Media demonize Egypt's Muslim Brotherhood
CAIRO—Egypt's media are demonizing the Muslim Brotherhood as the state's worst enemy, claiming the fundamentalist group plans to plunge the country into chaos if its candidate does not emerge as the winner from the presidential runoff.
Results of the weekend election were set to be announced Thursday, but officials postponed the declaration, setting off a wave of charges of manipulation aimed at all sides, including the ruling military.
The Brotherhood escalated its fight with the military, calling for a mass protest Friday to denounce what it called a power grab by the generals. Three major Islamist groups said Thursday they would join the protest in Tahrir Square, birthplace of the uprising that forced Hosni Mubarak out of office last year.
Thousands of protesters, mostly Islamists, gathered in Tahrir Thursday for the third successive day.
Protesters demanded the reinstatement of the Islamist-dominated parliament dissolved by a court ruling last week. They also called on the military to rescind a "constitutional declaration" granting the generals sweeping powers and stripping the next president of much of his authority.
International condemnation of the generals who took over from Mubarak also intensified. Human Rights Watch complained that recent moves by the military suggested that there would not be a "meaningful" handover of power to civilian rule by July 1 as promised and created conditions "ripe" for more human rights abuses.
The statement echoed criticism by former President Jimmy Carter, a frequent visitor to Egypt who repeatedly met with its ruling generals, and Amnesty International.
The military has over the past week given itself the role of legislator, the right to arrest civilians and control over drafting a new constitution. It has also taken several steps to shield the military from civilian oversight.
The sense of political uncertainty engulfing the country following last weekend's presidential runoff is heightened by the failure of Egypt's election commission to announce a winner. Both candidates -- Mubarak's last prime minister, Ahmed Shafiq, and Mohammed Morsi of the Muslim Brotherhood -- have claimed victory.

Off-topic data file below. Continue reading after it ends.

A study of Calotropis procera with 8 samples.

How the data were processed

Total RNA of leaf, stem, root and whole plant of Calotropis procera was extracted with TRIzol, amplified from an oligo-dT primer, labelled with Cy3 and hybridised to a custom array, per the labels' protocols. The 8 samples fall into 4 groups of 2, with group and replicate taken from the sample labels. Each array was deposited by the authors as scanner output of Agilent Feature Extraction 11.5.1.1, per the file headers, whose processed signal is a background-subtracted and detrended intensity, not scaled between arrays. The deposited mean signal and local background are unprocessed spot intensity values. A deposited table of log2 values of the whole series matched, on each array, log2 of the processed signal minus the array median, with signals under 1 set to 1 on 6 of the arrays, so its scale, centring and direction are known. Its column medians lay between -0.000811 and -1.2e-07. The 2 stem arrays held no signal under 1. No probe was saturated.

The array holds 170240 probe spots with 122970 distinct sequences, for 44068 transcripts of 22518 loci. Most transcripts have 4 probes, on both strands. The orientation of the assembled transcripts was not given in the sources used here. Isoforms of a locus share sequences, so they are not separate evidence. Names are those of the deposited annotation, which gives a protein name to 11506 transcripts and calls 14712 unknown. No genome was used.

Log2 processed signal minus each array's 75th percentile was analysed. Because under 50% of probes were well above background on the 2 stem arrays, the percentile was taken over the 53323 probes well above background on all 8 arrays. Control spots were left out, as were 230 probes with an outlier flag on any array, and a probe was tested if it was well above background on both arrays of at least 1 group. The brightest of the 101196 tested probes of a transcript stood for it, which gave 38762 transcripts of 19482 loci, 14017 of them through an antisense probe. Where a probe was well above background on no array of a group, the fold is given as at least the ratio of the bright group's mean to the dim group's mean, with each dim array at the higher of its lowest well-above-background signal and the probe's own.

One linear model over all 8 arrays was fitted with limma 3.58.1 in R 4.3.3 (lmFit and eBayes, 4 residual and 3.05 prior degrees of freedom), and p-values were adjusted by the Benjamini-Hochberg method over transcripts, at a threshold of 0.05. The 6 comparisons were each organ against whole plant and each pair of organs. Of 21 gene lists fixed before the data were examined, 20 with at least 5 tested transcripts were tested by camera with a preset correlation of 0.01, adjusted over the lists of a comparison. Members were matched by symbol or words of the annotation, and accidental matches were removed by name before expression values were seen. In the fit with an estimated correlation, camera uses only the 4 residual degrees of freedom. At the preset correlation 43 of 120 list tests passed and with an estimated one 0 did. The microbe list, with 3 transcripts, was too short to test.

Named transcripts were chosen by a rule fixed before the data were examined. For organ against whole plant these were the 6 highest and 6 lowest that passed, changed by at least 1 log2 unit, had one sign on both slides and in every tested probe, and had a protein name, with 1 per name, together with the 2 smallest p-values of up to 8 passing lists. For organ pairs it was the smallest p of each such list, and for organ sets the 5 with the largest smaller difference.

"I have faith in the judges of Egypt, but too much delay will raise question marks," Saad el-Katatni, a senior Brotherhood leader and speaker of the dissolved legislature, told Al-Jazeera in an interview. "The result is already known and it is Mohammed Morsi."
Late Thursday, Shafiq repeated his claim of victory and charged that the Brotherhood was "playing games" and striking "backdoor deals" with outside powers to influence the results.
Shafiq denounced the Brotherhood's public appeals. "These protests in the squares and fear-mongering campaigns in the media are all aimed at putting pressure on the election commission," he said.
Several media outlets are vigorously campaigning against the Brotherhood in articles and interviews many suspect to be inspired by the generals, who have relied on a coterie of media celebrities and analysts of military background to defend their policies and vilify their critics.
The cover of this week's edition of the state weekly Al-Mussawar showed a picture of Morsi placing a kiss on the head of the group's spiritual leader, or Murshid, Mohammed Badie in a gesture of both reverence and submission.
"We will not be ruled by the Murshid," said the magazine in red print under the picture. Inside, eight prominent literary figures known for their liberal views said in interviews that a Brotherhood presidency could change Egypt forever.
"I consider the Brotherhood to be a threat to Egypt," said one of the eight, prize-winning novelist Gamal el-Ghetani. "We are living a moment that may be similar to (Adolf) Hitler's rise to power."
The independent el-Destour daily splashed on its front page an unsourced story claiming that the Brotherhood planned a bloodbath if Morsi was not declared the winner.
In the weekly el-Fagr, known to be close to the military, editor-in-chief Adel Hamouda warned that the Brotherhood planned to create an "Islamic emirate" in Egypt.
He said the Brotherhood's announcement that Morsi won several hours after the polls closed last Sunday amounted to "political thuggery" and that calling on its supporters to gather in Tahrir was a prelude to violence.
In the ancient city of Luxor, more policemen and troops were visible on the streets on Thursday and gold shops, mostly owned by minority Christians and often targeted by looters at times of turmoil, were shuttered in anticipation of trouble.
The Brotherhood has said repeatedly it will not resort to violence if Shafiq wins, but it maintains that Mubarak's longtime friend and admirer could win only through fraud.
Mahmoud Ghozaln, the Brotherhood's spokesman, said the group was prepared to talk with the military to defuse the crisis. "That the election commission has not yet announced the result is a sort of pressure on us," he said.
By the group's count, Morsi took 52 percent of the vote, to Shafiq's 48 percent. The claim is based on the group's own compilation of election officials' returns from nearly all polling centers nationwide. The Brotherhood's early, partial counts proved generally accurate in last month's first round of the presidential election.